By Kaitlin Steinberg
By Brooke Viggiano
By Eating Our Words
One of the many things I like about Montrose is its defiant rejection of cookie-cutter, franchised theme restaurants. It's a source of neighborhood pride, and rightly so. Neartown dining patterns seem to skip straight from the hiply scruffy ethnic joints like Taqueria La Jaliciense or Niko Niko's to the swanning spreads at the opposite end of the spectrum, the justifiably high-priced Urbana, Mark's and Tony Ruppe's.
It's not until you get to know the neighborhood that you realize there really is a middle ground, a secretly suburban range of eateries where the locals hang out, or sometimes hide out. These are independently owned and individualistic cafes, I know, but they fill that franchise void. So where do you go in Montrose when you're feeling not so urban, when you don't want to be overstimulated by exotic seasonings or swanky surroundings? One answer is to hole up in a place like Riva's Italian Restaurant.
Riva's is comfortable, and comforting. It's comfortable in that it boasts off-street parking, linen tablecloths and a pretty patio festooned with white twinkly lights. (I'll admit I'm a sucker for those little lights; they remind me of all the lightning bugs we sprayed to extinction a decade ago.) And comforting in that the menu is distinctly unchallenging and the atmosphere is downright neighborly. Seems like the staffers recognize every patron who walks in, and even remember the favorite drink or dish of each one. On this familiar turf, half the customers don't even glance at the menu.
When you're down on your luck in love, needing a bit of a wallow in self-pity, there's nothing like a steaming plate of pasta. Nothing fancy, but loaded with plenty of therapeutic butter or cream or cheese or, even better, all three. On Riva's reassuringly middle-of-the-road menu, there are lots of pity pastas. It's a tad pricey, to be sure, ranging from an $8.95 angel-hair plate to a $12.95 shrimp fettuccine, but the fee includes a modest tossed salad and a basket of reasonably fresh garlic bread. The lasagna casserole ($9.95) is the perfect case in point: layers and layers of noodles slathered with a sweet tomato sauce and thickly paved with a stretchy mixture of mozzarella and Parmesan cheeses. This isn't an act of culinary daredevilry, but it's good and gloppy and satisfying all the same.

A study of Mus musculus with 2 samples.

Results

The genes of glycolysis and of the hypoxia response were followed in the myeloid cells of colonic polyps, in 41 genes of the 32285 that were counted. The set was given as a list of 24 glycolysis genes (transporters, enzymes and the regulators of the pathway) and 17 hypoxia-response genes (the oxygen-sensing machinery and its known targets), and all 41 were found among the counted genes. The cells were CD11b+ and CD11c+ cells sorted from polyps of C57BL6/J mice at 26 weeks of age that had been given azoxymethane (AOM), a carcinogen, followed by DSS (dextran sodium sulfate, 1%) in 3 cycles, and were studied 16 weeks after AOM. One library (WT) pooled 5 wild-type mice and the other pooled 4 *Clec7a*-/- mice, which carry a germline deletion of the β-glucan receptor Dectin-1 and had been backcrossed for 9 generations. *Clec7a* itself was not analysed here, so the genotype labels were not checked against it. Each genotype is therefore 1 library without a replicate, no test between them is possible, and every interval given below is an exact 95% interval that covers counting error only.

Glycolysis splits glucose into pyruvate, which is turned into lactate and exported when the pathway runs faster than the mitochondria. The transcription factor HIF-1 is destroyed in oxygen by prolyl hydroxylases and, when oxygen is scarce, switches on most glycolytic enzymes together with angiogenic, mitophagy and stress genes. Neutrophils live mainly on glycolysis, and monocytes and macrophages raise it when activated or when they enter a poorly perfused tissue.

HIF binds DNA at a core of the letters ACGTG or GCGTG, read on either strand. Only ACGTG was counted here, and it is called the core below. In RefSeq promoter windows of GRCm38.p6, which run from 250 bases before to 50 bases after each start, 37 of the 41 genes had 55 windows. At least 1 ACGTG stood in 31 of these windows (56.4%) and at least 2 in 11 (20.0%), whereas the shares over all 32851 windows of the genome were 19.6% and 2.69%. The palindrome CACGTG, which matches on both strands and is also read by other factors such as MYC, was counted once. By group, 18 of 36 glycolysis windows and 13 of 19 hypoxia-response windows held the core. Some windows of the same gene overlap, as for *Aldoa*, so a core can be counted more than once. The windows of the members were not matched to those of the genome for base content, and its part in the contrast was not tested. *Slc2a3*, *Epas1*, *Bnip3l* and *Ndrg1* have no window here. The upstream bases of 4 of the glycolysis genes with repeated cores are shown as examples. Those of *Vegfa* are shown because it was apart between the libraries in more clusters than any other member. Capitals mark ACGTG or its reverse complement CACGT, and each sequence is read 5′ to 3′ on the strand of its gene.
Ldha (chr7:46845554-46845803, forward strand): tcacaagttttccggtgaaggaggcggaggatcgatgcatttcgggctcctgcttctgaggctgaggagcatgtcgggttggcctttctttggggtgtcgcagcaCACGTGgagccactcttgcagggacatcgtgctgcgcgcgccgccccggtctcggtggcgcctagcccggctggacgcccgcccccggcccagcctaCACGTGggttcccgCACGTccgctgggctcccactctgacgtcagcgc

Of course, not every night is kvetch night at Riva's. I'm told the owners, brothers Mike and Joseph Sibouyeh, moved the restaurant from Memorial to Montrose a few years back in search of a livelier, younger crowd, and it looks as if they found it here on Missouri. On weekends the pace picks up considerably, and you'll spot the occasional inner-city celebrity. Councilwoman Annise Parker has been seen here; so has hizzoner Mayor Lee Brown. Riva's regulars have worked out a simple seating plan: Stay inside if you want to gossip with light enough to see by, outside on the shadowy patio if you want to make out with your date.
The food orders get a little more ambitious on weekends, too, branching out from uncomplicated pastas into steaks or veal or salmon. This, I've found, can be a mistake. We tried the shrimp mozzarella ($13.95), for example, and were disappointed by the stingy serving size of tough shrimp doused in a listless marinara sauce; this dish cut a little too close to Olive Garden territory for our taste. Two of the appetizers were marred by strangely mismatched and aggressive sauces: The meaty portobello mushrooms ($5.95), for instance, were beautifully grilled but drenched with a too-strong vinaigrette reminiscent of bottled salad dressing, and the softball-size baked crab cake ($7.95) was drowned in what tasted like ranch dressing with a whopping load of garlic.
So I was distracted when the house salads arrived, trying to detect a resemblance between the two dressings on offer, a ranch and an Italian, and those appetizer sauces. (I'm still not sure.) It's a decent salad, I suppose, once you separate the good greens, tomatoes and cucumbers from an awful lot of hard, white iceberg-lettuce core, but there was another nasty surprise lurking in the bowl: limp, slippery slices of cantaloupe and honeydew melon. Had there been prosciutto, I could see incorporating the melon, but there wasn't, so I really must object to this arbitrary accessorizing.
The not-particularly-Italian pork chops ($15.95), on the other hand, were quite good. The pair were lightly breaded and seasoned with tarragon, with crisp bits of panfried fat around the edges just the way I like it. I had worried about the "apple mint sauce" that the menu promised -- too often mint sauce tastes like aftershave to me -- and was relieved to find it strictly apples without the faintest hint of mint. Turns out the really weird part was the potato pancake, which was absolutely grass-green with dill. The patty was fried crisp outside, but wet and mushy inside, which threw me into texture shock. Next time I see bright green potatoes, I think I'll pass. This time, I consoled myself with the letter-perfect side dish of creamy fettuccine.
The dessert list varies from night to night, but you can generally get a chocolate mousse cake ($3.75) or a crème brûlée ($3.75). The cake is three layers of quite light chocolate cake, saved from tipping over the line into dryness by the fluffy mousse in between. The brûlée, well, that was probably our own fault: We asked for it to go. Don't try this at home. Our waiter brought the foam box to the table practically in tears. "We tried really hard to get this into a box and keep it pretty," he said with obvious distress. "But this is the best we could do." We peered into the box and saw a wreckage of custard chunks, the once proud and crackly caramel skin sadly stuck to the foam in several places. Ah, well, it was still a card-carrying comfort food to eat with a spoon.
Riva's Italian Restaurant, 1117 Missouri, (713)529-3450.